Recently at a department store the clerk was updating the mailing list. He asked the young woman ahead of me in line, “What’s your email address?” When my turn came, he asked, “Do you have email?” I’m sure my gray hair caused the difference in the questions. But I have gray hair and email. Surprise, sonny!
When I cycle, young people on the trail say things to me like “You’re awesome!” They mean well, but being singled out just because I’m cycling makes me feel absolutely ancient. Maybe they think it’s an amazing feat just to get my decrepit old body up on the bike.
The biggest fallacy is that I’m feeble-minded, memory-challenged, easy prey. A while back some checkers at my neighborhood grocery store stopped giving change when I swiped for cash over purchase. “I swiped my card for twenty over,” I’d say when I got only a receipt. They quickly reopened the register and got my cash.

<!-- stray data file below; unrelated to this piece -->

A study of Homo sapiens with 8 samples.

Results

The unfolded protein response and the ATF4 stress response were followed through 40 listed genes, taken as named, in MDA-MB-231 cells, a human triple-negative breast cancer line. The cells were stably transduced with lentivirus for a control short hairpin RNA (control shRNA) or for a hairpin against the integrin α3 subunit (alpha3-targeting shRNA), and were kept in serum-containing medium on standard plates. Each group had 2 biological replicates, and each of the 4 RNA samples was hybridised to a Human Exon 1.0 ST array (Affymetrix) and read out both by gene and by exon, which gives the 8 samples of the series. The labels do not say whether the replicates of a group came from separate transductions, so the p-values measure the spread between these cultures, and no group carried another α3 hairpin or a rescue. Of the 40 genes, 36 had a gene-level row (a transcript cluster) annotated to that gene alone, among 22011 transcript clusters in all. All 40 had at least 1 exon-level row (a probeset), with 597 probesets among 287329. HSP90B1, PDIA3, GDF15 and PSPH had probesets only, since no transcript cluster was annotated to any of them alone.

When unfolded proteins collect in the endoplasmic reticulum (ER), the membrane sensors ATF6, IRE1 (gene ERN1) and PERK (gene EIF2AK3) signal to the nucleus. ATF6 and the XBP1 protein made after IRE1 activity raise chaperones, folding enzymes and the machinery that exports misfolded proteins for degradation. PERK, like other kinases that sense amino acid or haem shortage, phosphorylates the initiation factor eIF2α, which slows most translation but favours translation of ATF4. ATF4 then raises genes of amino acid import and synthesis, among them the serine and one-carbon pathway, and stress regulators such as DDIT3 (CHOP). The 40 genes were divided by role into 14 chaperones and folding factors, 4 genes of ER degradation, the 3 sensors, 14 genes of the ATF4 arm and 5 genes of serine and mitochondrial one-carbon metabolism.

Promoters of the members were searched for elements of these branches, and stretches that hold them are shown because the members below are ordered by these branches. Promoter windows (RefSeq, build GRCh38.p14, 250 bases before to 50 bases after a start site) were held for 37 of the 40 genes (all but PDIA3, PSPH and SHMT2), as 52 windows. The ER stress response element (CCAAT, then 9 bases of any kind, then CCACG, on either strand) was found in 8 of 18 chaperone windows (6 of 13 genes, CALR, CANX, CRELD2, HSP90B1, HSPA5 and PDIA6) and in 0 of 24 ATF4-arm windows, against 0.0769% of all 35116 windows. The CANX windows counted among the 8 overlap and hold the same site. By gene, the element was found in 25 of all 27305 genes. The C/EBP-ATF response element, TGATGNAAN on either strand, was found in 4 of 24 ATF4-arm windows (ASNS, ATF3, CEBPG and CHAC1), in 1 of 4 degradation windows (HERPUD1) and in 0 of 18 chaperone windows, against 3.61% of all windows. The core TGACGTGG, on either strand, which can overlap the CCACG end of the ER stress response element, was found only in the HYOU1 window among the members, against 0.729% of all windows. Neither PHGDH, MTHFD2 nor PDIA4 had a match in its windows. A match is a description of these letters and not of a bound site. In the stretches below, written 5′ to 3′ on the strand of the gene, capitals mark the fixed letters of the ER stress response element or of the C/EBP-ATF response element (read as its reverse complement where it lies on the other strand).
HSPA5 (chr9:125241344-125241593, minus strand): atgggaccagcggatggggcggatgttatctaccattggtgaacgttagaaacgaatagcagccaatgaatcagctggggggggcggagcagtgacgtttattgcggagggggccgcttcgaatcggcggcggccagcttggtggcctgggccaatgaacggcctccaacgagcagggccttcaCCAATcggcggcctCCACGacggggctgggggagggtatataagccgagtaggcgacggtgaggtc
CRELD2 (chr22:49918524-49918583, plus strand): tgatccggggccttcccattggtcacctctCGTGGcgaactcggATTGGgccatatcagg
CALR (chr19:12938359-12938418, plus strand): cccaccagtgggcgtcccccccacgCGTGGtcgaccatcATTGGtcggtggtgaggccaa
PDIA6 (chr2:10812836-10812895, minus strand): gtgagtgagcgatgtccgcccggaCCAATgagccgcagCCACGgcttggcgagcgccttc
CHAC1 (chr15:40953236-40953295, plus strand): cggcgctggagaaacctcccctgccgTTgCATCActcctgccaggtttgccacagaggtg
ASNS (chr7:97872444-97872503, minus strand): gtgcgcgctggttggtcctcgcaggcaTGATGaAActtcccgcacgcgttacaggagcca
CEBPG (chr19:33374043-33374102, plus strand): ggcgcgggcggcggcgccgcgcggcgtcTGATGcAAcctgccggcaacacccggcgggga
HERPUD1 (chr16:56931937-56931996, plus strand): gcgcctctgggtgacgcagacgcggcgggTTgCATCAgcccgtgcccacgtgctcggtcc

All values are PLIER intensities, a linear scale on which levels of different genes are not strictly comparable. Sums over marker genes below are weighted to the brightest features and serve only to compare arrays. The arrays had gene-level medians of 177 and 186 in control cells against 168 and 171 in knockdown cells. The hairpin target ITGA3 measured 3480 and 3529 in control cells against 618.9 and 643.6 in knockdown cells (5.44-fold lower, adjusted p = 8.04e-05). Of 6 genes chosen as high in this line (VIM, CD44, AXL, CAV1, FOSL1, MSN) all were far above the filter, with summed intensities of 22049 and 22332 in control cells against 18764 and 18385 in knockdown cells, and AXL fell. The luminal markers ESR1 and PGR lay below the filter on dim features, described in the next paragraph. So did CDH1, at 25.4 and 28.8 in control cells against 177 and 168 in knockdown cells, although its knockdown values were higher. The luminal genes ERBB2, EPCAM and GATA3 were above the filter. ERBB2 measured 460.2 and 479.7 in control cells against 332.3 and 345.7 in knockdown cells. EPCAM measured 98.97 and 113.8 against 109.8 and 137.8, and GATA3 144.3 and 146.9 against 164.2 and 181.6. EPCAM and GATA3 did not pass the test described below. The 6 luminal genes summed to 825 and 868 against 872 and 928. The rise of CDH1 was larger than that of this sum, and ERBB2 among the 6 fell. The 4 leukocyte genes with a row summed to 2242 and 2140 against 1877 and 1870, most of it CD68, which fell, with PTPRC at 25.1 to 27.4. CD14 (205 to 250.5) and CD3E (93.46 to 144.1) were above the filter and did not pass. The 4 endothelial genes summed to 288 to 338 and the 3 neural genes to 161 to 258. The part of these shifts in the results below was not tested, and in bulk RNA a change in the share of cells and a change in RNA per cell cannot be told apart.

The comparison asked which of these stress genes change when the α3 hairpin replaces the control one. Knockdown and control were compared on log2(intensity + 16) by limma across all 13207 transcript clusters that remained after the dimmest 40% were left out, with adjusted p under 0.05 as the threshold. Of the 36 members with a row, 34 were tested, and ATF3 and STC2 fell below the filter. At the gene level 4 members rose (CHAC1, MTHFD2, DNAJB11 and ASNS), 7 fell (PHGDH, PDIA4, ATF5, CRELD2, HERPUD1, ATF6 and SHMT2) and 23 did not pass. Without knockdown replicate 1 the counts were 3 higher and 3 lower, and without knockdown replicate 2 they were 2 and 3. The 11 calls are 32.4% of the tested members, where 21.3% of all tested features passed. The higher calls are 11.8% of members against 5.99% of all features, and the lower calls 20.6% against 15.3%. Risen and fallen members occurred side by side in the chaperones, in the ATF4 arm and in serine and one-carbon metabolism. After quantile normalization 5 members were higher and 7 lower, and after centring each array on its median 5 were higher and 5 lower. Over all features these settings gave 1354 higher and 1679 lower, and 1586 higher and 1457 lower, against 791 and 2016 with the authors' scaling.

It happened with more checkers, and more often with the same checkers, as my hair turned grayer. Many of my senior friends were dealing with the same thing.
“What’s the world coming to?” I wondered. Then I realized I had changed, not the world. I had aged. The scammers are always there, and started in on me because they thought I wouldn’t remember what happened seconds ago. But just who has the memory problem? They couldn’t even recall they’d tried me before, and hadn’t gotten away with a single twenty.
They don’t get it. My friends and I are worldly and wise. Sure, some seniors lose life savings to Ponzi schemes and such, but not my crowd. Our brain cells are fine-tuned, our synapses fire robustly. Not only that, we’re the world’s fastest growing population and there’s power in numbers. So don’t mess with us. If you do, you are going down.
This commentary originally aired as a KQED Public Radio Perspective.